O'siyo...some thoughts on the proposal by Wasichu to attempt to make amends for Wounded Knee via a proposed Wounded Knee National Tribal Park.
On 3.9.95 Joe Quickie reposted the text of a Wasichu proposal (congressional) to the newsgroups soc.culture.native and alt.native. The proposed memorial would commemorate the "armed struggle between the Plains Indians and the U.S. Army that culminated in the death of over 300 Lakota Sioux men, women, and children at Wounded Knee, SD, on December 29, 1890." Of course, the land "would be owned by the National Park Service and "held in trust" for the Oglala and Cheyenne River nations." 1890. Not so very long ago.
Areas considered for inclusion in the park are "such sites relating to the 1890 Wounded Knee Massacre and Ghost Dance Religion, including the campsite of Chief Big Foot [Si Inskokeca] at Deep Creek, a cultural center and museum complex, the 1890 Wounded Knee Massacre site...and such other sites relating to the 1890 Wounded Knee Massacre..." Over these, interestingly, Wasichu dictates that the "Cheyenne River Sioux Tribe shall have no jurisdiction or authority..."
I have spent much time ashore in Israel. Germany, as part of it's amends program, provides Mercedes Benzs to Israel at manufacturers cost. What should Wasichu provide the First Nations/First Peoples? Land, memorials, words or, perhaps, reparation for the desecration on Mount Rushmore?
Much has been written about the Wounded Knee Massacre. But, perhaps, for those not familiar with this "military action," this final, formal extinguishment, we should turn to the words of one, American Horse, who survived the massacre:
"They turned their guns, Hotchkiss guns [breech-loading cannons that fired an explosive shell], etc., upon the women who were in the lodges standing there under a flag of truce, and of course as soon as they were fired upon they fled...There was a woman with an infant in her arms who was killed as she almost touched the flag of truce [which flew over the Lakota camp], and the woman and children of course were strewn all along the circular village until they were dispatched. Right near the flag of truce a mother was shot down with her infant; the child not knowing that its mother was dead was still nursing, and that especially was a very sad sight. The women as they were fleeing with their babes were killed together, shot right through, and the women who were very heavy with child were also killed...After most all of them had been killed a cry was made that all those who were not killed or wounded should come forth and they would be safe. Little boys who were not wounded came out of their places of refuge, and as soon as they came in sight a number of soldiers surrounded them and butchered them there...Of course it would have been all right if only the men had been killed; we would feel almost grateful for it. But the fact of the killing of the women, and more especially the killing of the young boys and girls who are to go to make up the future strength of the Indian people, is the saddest part of the whole affair and we feel it very sorely." [James Mooney, "The Ghost Dance Religion and the Sioux Outbreak of 1890," in Fourteenth Annual Report of the United States Bureau of Ethnology (Washington, D.C.: U.S. Government Printing Office, 1896) Part Two, p. 877]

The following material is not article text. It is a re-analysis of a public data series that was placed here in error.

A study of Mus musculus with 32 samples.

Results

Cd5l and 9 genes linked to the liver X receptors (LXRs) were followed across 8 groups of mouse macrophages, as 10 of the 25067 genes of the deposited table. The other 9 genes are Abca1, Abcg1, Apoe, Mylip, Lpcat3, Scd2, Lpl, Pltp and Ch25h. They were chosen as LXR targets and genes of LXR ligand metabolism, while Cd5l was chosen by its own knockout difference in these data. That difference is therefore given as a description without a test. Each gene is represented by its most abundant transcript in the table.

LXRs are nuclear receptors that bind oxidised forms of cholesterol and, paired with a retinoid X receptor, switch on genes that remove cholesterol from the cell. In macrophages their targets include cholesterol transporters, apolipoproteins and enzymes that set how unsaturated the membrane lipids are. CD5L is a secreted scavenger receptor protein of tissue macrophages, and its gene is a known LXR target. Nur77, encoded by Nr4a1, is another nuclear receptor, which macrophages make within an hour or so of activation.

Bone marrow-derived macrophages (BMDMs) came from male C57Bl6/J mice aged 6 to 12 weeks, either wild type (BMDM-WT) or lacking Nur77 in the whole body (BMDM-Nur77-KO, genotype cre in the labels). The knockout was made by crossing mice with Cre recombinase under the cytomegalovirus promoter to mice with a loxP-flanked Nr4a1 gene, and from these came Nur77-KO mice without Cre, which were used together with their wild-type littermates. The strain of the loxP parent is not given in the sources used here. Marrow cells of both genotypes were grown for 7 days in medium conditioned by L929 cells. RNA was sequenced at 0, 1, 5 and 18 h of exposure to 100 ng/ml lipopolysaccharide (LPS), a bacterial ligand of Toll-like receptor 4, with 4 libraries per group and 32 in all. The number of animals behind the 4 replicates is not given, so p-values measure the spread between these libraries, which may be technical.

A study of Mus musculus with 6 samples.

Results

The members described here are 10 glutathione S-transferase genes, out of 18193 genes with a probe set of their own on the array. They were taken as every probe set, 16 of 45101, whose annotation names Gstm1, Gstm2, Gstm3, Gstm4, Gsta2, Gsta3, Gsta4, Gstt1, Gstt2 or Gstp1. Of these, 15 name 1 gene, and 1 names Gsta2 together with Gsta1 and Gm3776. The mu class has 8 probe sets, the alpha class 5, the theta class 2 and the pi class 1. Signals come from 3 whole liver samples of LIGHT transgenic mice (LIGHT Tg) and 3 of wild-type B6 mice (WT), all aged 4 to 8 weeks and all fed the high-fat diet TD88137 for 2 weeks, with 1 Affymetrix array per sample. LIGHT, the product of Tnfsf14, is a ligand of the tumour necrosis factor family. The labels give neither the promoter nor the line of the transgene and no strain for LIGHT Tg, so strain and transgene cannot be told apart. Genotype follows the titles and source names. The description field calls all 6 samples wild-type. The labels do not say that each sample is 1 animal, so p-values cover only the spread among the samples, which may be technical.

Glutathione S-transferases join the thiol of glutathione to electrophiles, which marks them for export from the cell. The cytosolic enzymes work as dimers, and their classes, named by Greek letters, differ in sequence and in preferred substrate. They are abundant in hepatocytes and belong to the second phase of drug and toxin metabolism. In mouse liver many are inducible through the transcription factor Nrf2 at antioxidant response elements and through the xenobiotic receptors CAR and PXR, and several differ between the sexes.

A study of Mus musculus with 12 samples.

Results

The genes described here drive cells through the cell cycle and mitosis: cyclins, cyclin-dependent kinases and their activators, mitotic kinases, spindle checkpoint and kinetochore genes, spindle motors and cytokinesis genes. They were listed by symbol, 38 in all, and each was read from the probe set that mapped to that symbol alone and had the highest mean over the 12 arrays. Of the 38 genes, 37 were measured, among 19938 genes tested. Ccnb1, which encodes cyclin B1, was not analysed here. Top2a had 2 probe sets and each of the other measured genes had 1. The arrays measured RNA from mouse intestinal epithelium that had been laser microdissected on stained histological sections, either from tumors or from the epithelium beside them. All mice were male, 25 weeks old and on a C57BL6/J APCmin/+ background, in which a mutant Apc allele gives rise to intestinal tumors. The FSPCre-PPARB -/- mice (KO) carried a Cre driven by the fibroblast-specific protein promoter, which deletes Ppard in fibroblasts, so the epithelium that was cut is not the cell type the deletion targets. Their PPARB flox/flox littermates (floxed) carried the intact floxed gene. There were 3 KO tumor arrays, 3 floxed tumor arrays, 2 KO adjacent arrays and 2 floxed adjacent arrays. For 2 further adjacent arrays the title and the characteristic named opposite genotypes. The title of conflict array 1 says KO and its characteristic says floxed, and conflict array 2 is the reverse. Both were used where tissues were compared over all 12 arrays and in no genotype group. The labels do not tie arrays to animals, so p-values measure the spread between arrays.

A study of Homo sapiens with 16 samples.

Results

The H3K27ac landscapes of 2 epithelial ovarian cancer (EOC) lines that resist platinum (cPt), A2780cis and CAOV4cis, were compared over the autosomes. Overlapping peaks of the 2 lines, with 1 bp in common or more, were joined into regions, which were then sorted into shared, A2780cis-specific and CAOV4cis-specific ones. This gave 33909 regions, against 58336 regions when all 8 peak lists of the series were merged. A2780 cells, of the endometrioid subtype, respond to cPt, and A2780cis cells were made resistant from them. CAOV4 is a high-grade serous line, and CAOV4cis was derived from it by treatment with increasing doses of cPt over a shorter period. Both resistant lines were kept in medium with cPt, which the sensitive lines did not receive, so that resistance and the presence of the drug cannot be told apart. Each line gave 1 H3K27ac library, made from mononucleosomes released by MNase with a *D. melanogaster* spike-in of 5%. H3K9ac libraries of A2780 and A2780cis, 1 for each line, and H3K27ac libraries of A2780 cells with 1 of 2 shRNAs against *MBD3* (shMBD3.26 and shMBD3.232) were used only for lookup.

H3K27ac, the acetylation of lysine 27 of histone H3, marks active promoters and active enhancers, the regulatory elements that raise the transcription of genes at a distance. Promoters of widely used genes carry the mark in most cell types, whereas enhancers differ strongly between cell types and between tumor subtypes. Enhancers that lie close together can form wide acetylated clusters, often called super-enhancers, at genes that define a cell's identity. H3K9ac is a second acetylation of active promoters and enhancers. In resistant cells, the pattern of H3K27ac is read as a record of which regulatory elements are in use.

"No one knows how many Indians were killed on this miserable field, because by the time anyone could count the bodies, some had already been removed. But the number was very close to three hundred, about two thirds of them women and children...Women and children attempted to escape by running up a dry ravine, but were pursued and slaughtered - there is no other word - by hundreds of maddened soldiers, while shells from the Hotchkiss guns, which had been moved to permit them to sweep the ravine, continued to burst among them. The line of bodies was afterward found to extend for more than two miles from the camp - and they were all women and children. A few survivors actually found shelter in brushy gullies here and there, and their pursuers had scouts call out that women and children could come out of their hiding places because they had nothing to fear...some small boys crept out and were surrounded by soldiers who butchered them." [Agents of Repression, The FBI's Secret Wars Against the Black Panther Party and the American Indian Movement, Ward Churchill and Jim Vander Wall, South End Press, ISBN 0-89608-294-6]20 medals of dis-Honor were awarded to soldiers of the 7th calvalry for their valiant efforts in defense of the great American way.
Can one apologize for such activity? Can one ever really say, "I am sorry," "I was wrong," "Forgive me," "Please, please forgive us." Can the pain, the blood, the shrieks, the rips, tears, sadistic barbarity, the weeping, the inhumanity and blood shed ever be compensated for? In any way shape or form?
While I am not Lakota, I respectfully suggest that the Lakota need no Wasichu memorial. Need no underlining from this country's colonizers. Need no involvement now from those who continue to persecute the First Nations/First Peoples on every imaginable level.
Justice fled from Wounded Knee more than 105 years ago. Wasichu can not run from his past and he has no right to attempt this memorial. If he wishes to make a point, then he should start by voiding those Medals of dis-Honor and begging for a forgiveness that should never be given.